So, When Do We Land On Mars?

07/20/2009 10:06 AM |

Years ago when I was traveling in Spain, I went on a road trip to a small Costa Blanca beach town with a carful of dyspeptic British ex-pats. One night we were driving on a quiet road in the hills above the town when, apropos of nothing in particular, one of my backseat companions pointed out her window at the full moon overhead and said, “I know it’s a horrible cliché and all, but does anyone else ever look at the moon and think, my god, people have stood on that?”

And for a moment the car went silent as we all stopped complaining about our hotel or bitching about the meal we’d just had or whatever it was we’d been doing, and thought to ourselves “wow, she’s right, that’s really something.

You couldn’t do this with Mars. It’s too hard to see. Had someone tried there would have just been some squinting, a bit of confused pointing perhaps, and maybe some arguing about which direction was south. Then we all would have shrugged and gone back to fiddling with the car radio.

Nonetheless, with the 40th anniversary of the moon landing now upon us, it’s only natural to wonder when we might get around to paying the Red Planet a visit. The last time the notion of a mission to Mars made widespread headlines was in 2004 when President Bush, perhaps sensing that his gambit to remake the Middle East wasn’t shaking out so well, announced “a new plan to explore space and extend a human presence across our solar system.” This plan became “Constellation” — NASA’s current human spaceflight program, which calls for the development of new spacecraft and booster vehicles to replace the space shuttle (set to be decommissioned in 2010) and for manned trips to the moon and, eventually, Mars.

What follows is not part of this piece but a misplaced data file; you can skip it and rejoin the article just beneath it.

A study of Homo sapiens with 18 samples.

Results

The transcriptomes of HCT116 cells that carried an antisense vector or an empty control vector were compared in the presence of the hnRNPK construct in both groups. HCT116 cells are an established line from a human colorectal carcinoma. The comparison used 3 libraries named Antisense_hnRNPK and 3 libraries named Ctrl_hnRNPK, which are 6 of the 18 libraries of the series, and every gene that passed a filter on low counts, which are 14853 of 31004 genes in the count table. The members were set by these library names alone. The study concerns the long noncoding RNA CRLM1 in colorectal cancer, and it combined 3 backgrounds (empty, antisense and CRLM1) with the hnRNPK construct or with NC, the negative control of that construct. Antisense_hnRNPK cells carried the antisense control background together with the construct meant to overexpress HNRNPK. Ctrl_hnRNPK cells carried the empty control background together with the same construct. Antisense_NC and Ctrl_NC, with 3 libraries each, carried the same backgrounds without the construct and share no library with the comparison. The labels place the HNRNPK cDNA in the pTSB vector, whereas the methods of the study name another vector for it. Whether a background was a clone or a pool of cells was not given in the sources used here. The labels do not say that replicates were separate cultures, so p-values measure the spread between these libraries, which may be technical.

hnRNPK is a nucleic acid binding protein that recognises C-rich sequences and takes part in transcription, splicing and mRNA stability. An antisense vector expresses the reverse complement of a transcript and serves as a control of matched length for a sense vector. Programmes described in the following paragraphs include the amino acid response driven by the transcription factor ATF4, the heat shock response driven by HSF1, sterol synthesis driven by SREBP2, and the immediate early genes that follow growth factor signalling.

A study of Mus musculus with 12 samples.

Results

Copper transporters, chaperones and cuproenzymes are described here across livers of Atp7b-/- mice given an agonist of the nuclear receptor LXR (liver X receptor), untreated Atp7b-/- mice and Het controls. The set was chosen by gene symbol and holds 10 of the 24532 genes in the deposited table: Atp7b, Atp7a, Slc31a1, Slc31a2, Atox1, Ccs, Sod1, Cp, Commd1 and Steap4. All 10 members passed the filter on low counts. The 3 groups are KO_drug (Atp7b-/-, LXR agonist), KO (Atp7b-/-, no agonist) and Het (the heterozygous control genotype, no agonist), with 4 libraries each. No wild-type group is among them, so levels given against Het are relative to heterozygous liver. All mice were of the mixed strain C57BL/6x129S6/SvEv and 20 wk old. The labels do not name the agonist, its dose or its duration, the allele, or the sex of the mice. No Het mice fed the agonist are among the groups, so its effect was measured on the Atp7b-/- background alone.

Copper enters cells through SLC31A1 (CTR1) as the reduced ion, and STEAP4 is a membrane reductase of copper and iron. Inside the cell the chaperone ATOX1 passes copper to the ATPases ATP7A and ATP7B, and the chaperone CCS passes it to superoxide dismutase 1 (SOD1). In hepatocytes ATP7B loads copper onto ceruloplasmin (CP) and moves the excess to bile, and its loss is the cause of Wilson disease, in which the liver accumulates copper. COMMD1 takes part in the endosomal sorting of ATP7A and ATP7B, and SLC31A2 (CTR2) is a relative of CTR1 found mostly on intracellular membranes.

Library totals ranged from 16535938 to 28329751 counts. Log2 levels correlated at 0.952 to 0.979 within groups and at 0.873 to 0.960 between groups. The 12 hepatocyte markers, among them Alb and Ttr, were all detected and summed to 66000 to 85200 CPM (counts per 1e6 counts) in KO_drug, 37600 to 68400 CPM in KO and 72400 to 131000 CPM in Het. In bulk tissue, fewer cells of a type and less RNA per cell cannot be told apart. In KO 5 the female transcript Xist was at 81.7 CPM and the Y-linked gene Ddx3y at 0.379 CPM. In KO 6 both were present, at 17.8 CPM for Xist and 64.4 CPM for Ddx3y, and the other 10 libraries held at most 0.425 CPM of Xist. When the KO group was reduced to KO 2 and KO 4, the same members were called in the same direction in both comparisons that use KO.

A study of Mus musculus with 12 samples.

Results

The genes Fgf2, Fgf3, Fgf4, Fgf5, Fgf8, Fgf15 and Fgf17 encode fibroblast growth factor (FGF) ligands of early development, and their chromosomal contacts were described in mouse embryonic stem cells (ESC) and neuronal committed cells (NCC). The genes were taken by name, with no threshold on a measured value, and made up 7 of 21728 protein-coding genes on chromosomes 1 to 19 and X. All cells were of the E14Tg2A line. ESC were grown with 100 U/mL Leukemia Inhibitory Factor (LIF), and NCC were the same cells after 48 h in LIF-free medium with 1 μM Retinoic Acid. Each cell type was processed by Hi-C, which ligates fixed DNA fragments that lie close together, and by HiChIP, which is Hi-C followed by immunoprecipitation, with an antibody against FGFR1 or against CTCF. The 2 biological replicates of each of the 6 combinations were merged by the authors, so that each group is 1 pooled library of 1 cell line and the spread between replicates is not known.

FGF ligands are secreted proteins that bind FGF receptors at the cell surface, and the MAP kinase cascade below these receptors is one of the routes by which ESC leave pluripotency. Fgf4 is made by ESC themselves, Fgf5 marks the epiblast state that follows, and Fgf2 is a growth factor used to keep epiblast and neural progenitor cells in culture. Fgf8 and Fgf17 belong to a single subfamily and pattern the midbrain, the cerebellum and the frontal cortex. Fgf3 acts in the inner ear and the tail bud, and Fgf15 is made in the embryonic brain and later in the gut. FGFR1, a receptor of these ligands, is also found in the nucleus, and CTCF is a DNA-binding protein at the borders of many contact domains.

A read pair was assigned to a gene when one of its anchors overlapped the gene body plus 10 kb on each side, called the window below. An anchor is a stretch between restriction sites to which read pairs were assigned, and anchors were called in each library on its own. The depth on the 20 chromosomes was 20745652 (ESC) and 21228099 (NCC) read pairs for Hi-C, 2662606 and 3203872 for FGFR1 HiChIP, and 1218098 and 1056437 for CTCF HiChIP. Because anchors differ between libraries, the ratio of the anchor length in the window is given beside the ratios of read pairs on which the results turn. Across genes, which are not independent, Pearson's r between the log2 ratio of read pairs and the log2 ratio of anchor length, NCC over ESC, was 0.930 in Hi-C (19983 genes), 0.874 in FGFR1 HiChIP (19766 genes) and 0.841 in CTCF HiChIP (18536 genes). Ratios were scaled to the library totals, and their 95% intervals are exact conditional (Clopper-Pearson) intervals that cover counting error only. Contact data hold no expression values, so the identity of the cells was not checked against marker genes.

“Eventually,” however, can be a tricky deadline to pin down. For instance, in 1989 (on the 20th anniversary of the moon landing), Bush pere made his own Mars headlines, announcing a goal of landing astronauts on the planet by 2019. Shortly thereafter, though, NASA came to him with an estimated $400 billion price tag for the project, and, well, suddenly everyone was a little less excited about the idea than they’d been before.

The current timeline puts a Mars landing at about 25 years out, an estimate that probably sits on the reliability spectrum somewhere between Amy Winehouse and a weekend F train. Interestingly (at least for a naif like myself for whom the idea of a trip to Mars still seems more Buck Rogers than potential reality), the issue isn’t technology, or even money really. It’s essentially just a matter of priorities and politics.

One Comment

  • Bravo, Mr. Bonislawski, for a solid take on the issue. I agree that the U.S. government doesn’t have, or rather won’t allocate sufficient funds to do a manned Mars mission any time soon but they shouldn’t have to. Seems to me that with modern telecommunications we could allow just about anybody who wants to to send materiel to Mars to wait in a parking orbit for use by humans there.

    Why does that matter? Because shipping just cargo is much cheaper per pound that shipping everything in one vessel, especially if you can afford to use a slower path. MUCH cheaper.

    Afaic, NASA should announce that if you can meet certain specs and can get your stuff there for Marsnauts to use, they’ll use it. That being done, we should see no shortage of states, companies and just plain old enthusiasts boosting their signature goods for use by Our Proud Mars Heroes. It won’t be the arrogant ones (NY, California, etc.) who already get plenty of publicity. It’ll the insecure ones. The ones who have decent revenues and whose state legislatures will be delighted to say “we’re just as good as you are and we’ll prove it!” North Carolina will subcontract to Research Triangle firms to ship local blueberries and clothes made of their cotton. Wisconsin will ship cheese. San Antonio will ship, I dunno, barbeque.

    But the point is, with payloads that can be as small as five or ten pounds and the ability to boost fast and travel slow (both save TONS of fuel per pound and cut rocket size waaay down), technology is more than good enough to allow this kind of thing right now.

    And the beauty part? Managed well, it’ll cost NASA *maybe* ten cents on the dollar to doing it themselves.